HAMBURG, Germany—The World Health Organization (WHO) has confirmed the strain of  enterohaemorrhagic Escherichia coli (EHEC) 0104:H4 isolated from cases in the EHEC infection outbreak in Germany is a rare one, seen in humans before, but never in an EHEC outbreak. To date, the outbreak has sickened more than 1,600 and killed 19 in 11 European countries in the past few weeks.

The Robert Koch Institute has confirmed 470 cases and nine deaths from Hemolytic Uremic Syndrome (HUS), a form of acute kidney failure, from the “super toxic" strain of the bacteria.

The molecular and genetic features of the pathogen are important in helping authorities to identify cases in other countries that could be associated with the outbreak in Germany and to identify the source of the outbreak. While epidemiological and laboratory investigations continue, the source of the outbreak still remains unknown.

The source of the deadly E. coli strain initially was thought to be cucumbers imported from Spain; however, tests on cucumbers conducted by the Hamburg Health Department didn’t find the strain of E. coli responsible for the outbreak although the cucumbers did test positive for E. coli.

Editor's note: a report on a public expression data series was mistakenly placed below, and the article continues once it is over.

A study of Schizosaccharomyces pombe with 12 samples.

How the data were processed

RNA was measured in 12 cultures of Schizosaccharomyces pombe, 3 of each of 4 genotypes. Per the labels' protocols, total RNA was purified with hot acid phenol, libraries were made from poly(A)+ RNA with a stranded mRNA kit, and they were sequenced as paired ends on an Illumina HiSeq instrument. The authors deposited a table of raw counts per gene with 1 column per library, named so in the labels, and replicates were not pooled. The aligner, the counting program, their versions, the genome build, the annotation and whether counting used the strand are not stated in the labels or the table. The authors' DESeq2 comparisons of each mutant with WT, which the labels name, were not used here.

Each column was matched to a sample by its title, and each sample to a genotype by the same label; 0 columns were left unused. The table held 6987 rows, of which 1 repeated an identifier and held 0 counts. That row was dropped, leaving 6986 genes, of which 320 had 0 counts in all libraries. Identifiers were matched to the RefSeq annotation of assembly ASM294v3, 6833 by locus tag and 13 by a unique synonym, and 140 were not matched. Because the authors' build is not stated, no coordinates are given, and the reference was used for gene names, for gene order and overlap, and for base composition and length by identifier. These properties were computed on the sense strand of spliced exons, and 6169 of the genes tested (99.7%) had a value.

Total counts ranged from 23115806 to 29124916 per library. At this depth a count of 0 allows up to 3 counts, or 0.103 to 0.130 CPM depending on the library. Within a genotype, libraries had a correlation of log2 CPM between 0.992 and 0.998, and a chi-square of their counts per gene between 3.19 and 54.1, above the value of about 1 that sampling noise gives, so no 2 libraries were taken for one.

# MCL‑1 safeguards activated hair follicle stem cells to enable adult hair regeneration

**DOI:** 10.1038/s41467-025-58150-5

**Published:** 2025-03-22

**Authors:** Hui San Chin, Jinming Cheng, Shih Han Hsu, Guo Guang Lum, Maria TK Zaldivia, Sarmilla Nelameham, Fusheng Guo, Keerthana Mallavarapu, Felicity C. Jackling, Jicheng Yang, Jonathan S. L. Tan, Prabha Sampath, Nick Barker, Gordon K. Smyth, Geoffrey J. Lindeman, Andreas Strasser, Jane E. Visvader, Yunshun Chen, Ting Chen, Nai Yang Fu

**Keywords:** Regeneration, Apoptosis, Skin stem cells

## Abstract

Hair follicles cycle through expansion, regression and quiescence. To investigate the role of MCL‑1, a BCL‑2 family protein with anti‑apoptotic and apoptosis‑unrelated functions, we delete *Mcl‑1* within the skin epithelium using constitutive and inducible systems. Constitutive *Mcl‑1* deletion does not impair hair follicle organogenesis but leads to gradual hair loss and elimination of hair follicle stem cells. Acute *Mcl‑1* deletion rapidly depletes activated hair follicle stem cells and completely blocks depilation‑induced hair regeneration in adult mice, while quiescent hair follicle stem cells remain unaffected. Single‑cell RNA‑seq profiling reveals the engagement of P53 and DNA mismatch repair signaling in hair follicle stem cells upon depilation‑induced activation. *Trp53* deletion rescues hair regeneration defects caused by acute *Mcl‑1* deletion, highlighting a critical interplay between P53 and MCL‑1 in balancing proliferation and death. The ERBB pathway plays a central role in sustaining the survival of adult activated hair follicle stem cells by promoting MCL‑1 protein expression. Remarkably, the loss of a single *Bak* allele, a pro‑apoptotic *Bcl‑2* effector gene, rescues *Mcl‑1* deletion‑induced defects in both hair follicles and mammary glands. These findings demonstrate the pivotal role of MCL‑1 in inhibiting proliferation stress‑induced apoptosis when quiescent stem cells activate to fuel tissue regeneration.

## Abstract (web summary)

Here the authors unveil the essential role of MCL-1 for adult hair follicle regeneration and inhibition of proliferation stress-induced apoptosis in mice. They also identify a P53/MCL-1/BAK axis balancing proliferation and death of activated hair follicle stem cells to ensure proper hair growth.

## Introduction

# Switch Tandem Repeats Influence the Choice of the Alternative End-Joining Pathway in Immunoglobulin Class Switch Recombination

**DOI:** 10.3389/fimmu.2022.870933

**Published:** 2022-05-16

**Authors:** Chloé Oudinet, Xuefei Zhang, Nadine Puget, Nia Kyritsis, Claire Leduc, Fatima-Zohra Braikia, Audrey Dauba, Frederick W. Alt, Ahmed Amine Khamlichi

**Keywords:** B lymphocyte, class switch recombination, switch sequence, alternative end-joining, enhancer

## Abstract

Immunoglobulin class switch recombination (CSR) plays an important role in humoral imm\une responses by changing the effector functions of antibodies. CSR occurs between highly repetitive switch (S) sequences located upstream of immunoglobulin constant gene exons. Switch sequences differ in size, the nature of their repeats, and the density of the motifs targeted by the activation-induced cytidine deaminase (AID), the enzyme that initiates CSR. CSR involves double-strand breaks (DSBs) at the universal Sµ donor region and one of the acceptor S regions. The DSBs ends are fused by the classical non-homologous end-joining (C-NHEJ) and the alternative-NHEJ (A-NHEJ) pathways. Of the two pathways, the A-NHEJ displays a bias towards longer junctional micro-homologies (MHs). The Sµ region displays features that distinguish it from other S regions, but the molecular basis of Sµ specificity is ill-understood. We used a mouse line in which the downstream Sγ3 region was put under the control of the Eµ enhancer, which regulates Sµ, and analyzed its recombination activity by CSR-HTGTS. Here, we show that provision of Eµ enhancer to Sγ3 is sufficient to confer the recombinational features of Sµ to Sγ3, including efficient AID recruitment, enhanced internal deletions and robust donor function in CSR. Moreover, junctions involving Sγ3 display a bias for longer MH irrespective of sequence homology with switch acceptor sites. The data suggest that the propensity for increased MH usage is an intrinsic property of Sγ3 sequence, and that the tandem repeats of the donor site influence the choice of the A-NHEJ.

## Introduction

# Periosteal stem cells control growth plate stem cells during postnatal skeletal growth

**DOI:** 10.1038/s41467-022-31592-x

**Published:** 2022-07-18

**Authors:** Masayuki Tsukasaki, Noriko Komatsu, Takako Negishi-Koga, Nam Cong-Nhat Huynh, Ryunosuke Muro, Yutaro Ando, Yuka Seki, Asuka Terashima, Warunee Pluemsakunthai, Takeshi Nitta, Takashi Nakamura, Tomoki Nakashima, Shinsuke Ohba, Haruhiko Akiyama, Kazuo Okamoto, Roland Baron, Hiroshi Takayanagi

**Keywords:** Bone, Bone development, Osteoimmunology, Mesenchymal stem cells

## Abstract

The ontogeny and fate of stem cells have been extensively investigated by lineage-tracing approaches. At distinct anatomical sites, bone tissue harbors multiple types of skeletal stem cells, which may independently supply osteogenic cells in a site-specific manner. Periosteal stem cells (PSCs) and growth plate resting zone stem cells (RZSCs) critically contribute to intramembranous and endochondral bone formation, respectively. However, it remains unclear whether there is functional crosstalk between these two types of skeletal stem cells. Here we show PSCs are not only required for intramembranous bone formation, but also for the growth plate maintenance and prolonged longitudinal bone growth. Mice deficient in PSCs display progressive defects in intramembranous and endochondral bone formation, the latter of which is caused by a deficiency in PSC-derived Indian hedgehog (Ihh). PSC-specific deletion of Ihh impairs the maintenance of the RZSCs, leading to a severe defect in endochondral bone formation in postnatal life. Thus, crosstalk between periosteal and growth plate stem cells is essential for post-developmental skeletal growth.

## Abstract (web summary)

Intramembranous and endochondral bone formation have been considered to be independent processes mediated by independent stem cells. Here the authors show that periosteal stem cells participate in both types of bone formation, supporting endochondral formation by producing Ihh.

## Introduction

Spain is said to be weighing legal action against Germany for economic losses from the accusation. Political fallout also deepened in the past few days as Russia imposed a ban on all fresh produce originating from the European Union. According to a report from the BBC, the EU said the Russian ban was disproportionate and would be lodging a protest, European Commission spokesman Frederic Vincent said, who estimated the value of EU exports of fresh vegetables to Russia at about €600 million.

Currently, the Federal Institute for Risk Assessment advises against eating raw tomatoes, cucumbers and lettuces to prevent further cases. The recommendation applies especially to foods acquired in Northern Germany and will be upheld while the outbreak investigations continue.